Death rates for combined asthma and chronic obstructive pulmonary disease declined during 1999-2016, but the risk remains higher among women, compared with men, and in certain occupations, according to a recent report from the Centers for Disease Control and Prevention.
There is also an association between mortality and nonworking status among adults aged 25-64 years, which “suggests that asthma-COPD overlap might be associated with substantial morbidity,” Katelynn E. Dodd, MPH, and associates at the CDC’s National Institute for Occupational Safety and Health said in the Morbidity and Mortality Weekly Report. “These patients have been reported to have worse health outcomes than do those with asthma or COPD alone.”
For females with asthma-COPD overlap, the age-adjusted death rate among adults aged 25 years and older dropped from 7.71 per million in 1999 to 4.01 in 2016, with corresponding rates of 6.70 and 3.01 per million for males, they reported.
In 1999-2016, a total of 18,766 U.S. decedents aged ≥25 years had both asthma and COPD assigned as the underlying or contributing cause of death (12,028 women and 6,738 men), for an overall death rate of 5.03 per million persons (women, 5.59; men, 4.30), data from the National Vital Statistics System show.
Additional analysis, based on the calculation of proportionate mortality ratios (PMRs), also showed that mortality varied by occupational status and age for both males and females, the investigators said, noting that workplace exposures, such as dusts and secondhand smoke, are known to cause both asthma and COPD.
The PMR represents the observed number of deaths from asthma-COPD overlap in a specified industry or occupation, divided by the expected number of deaths, so a value over 1.0 indicates that there were more deaths associated with the condition than expected, Ms. Dodd and her associates explained.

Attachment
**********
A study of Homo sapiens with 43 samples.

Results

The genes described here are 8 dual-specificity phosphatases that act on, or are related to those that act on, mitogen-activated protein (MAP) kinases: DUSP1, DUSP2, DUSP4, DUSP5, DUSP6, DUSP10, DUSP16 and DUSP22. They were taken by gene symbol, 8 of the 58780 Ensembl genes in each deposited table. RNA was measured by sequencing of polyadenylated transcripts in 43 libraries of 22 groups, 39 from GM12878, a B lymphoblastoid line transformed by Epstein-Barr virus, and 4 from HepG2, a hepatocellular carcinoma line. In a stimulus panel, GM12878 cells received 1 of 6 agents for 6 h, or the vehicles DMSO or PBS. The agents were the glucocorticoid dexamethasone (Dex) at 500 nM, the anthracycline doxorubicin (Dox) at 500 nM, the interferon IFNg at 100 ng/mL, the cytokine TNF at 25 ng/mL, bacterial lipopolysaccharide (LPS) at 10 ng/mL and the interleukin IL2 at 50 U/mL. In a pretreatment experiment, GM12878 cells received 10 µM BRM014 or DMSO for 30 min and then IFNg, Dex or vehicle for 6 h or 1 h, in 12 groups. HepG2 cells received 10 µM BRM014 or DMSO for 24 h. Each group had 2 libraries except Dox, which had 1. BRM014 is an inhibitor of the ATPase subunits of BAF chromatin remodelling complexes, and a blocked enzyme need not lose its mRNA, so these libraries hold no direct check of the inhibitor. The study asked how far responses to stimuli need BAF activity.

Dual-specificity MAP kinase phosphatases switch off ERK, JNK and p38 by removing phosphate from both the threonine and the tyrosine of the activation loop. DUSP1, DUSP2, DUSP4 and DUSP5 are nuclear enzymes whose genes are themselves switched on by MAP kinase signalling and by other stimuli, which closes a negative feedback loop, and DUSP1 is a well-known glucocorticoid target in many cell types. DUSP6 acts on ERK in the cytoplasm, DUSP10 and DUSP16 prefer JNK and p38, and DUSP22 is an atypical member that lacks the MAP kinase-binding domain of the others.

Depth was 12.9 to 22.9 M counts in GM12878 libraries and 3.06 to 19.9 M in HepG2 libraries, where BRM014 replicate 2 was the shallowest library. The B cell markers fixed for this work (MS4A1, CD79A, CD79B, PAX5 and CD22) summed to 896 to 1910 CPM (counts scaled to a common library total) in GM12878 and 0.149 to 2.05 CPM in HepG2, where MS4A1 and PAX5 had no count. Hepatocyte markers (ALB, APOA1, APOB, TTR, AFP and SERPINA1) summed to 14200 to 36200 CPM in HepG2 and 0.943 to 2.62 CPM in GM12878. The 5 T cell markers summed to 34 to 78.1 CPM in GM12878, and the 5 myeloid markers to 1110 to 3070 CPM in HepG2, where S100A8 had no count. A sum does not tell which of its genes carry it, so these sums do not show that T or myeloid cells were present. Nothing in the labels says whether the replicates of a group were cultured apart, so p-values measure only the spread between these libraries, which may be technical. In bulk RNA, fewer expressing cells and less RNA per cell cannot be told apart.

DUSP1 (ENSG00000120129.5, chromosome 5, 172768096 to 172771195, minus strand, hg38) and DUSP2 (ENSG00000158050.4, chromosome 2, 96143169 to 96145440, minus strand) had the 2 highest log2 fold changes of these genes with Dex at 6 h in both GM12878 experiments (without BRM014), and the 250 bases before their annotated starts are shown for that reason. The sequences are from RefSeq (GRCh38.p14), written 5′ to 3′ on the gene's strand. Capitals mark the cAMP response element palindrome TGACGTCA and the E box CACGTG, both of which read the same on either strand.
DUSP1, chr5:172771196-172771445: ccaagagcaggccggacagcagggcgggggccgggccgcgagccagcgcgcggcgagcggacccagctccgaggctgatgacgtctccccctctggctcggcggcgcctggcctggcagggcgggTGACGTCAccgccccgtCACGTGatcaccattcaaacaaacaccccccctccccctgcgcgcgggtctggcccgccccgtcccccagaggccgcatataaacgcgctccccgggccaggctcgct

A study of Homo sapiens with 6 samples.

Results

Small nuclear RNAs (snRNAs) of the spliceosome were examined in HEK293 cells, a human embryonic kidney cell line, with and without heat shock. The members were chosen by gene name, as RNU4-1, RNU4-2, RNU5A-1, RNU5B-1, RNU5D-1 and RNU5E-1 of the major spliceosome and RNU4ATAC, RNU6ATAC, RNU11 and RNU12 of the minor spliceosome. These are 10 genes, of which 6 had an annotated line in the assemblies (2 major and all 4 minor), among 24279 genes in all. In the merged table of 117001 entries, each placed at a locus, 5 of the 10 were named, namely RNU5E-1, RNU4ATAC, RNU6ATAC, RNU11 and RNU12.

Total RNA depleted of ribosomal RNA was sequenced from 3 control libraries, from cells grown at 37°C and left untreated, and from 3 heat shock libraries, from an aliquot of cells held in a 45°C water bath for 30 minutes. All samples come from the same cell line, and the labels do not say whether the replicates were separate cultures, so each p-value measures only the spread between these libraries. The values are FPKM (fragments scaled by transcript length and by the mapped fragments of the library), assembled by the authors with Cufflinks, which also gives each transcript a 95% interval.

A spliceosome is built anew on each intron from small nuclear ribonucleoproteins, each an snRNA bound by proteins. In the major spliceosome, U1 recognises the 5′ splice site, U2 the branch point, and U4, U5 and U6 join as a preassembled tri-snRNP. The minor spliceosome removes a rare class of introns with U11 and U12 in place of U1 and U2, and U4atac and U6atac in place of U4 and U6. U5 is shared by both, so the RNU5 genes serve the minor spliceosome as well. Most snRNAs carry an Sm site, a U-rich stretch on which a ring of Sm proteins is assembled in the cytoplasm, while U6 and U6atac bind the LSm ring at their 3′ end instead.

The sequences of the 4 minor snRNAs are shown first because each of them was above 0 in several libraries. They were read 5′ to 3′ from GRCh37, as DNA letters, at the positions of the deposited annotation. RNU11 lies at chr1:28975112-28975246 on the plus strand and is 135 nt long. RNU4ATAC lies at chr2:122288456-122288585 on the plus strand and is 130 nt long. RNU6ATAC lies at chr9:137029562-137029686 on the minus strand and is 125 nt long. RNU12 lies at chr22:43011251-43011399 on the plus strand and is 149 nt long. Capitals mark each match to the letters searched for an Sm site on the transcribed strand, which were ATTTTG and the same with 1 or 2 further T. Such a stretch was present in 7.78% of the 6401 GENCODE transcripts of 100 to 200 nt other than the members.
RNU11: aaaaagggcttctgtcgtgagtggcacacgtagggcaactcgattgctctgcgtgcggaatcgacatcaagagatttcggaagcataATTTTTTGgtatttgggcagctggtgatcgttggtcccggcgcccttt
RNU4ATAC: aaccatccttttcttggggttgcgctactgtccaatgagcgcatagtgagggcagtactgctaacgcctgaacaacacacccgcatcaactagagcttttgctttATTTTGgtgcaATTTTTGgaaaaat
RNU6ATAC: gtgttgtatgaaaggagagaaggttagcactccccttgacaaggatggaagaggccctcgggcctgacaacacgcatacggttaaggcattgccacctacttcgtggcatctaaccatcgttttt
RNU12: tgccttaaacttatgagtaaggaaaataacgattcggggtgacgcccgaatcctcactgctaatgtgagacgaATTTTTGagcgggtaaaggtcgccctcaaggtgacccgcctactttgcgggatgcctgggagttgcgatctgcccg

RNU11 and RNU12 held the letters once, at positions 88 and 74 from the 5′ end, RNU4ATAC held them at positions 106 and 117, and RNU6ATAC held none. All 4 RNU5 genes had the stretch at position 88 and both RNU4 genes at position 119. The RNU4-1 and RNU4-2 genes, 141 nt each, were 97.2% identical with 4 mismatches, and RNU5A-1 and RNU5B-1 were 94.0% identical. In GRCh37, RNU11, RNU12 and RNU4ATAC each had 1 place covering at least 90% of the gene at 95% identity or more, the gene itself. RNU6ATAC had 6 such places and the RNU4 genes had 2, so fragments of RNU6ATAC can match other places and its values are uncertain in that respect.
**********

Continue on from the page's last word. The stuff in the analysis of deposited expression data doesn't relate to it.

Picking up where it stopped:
Among female decedents, the occupation with the highest PMR that was statistically significant was bartending at 3.28. For men, the highest significant PMR, 5.64, occurred in logging workers. Those rates, however, only applied to one of the two age groups: 25-64 years in women and ≥65 in men, based on data from the National Occupational Mortality Surveillance, which included information from 26 states for the years 1999, 2003, 2004, and 2007-2014.
Occupationally speaking, the one area of common ground between males and females was lack of occupation. PMRs for those aged 25-64 years “were significantly elevated among men (1.98) and women (1.79) who were unemployed, never worked, or were disabled workers,” they said. PMRs were elevated for nonworking older males and females but were not significant.
The elevated PMRs suggest “that asthma-COPD overlap might be associated with substantial morbidity resulting in loss of employment [because] retired and unemployed persons might have left the workforce because of severe asthma or COPD,” the investigators wrote.
SOURCE: Dodd KE et al. MMWR. 2020 Jun 5. 69(22):670-9.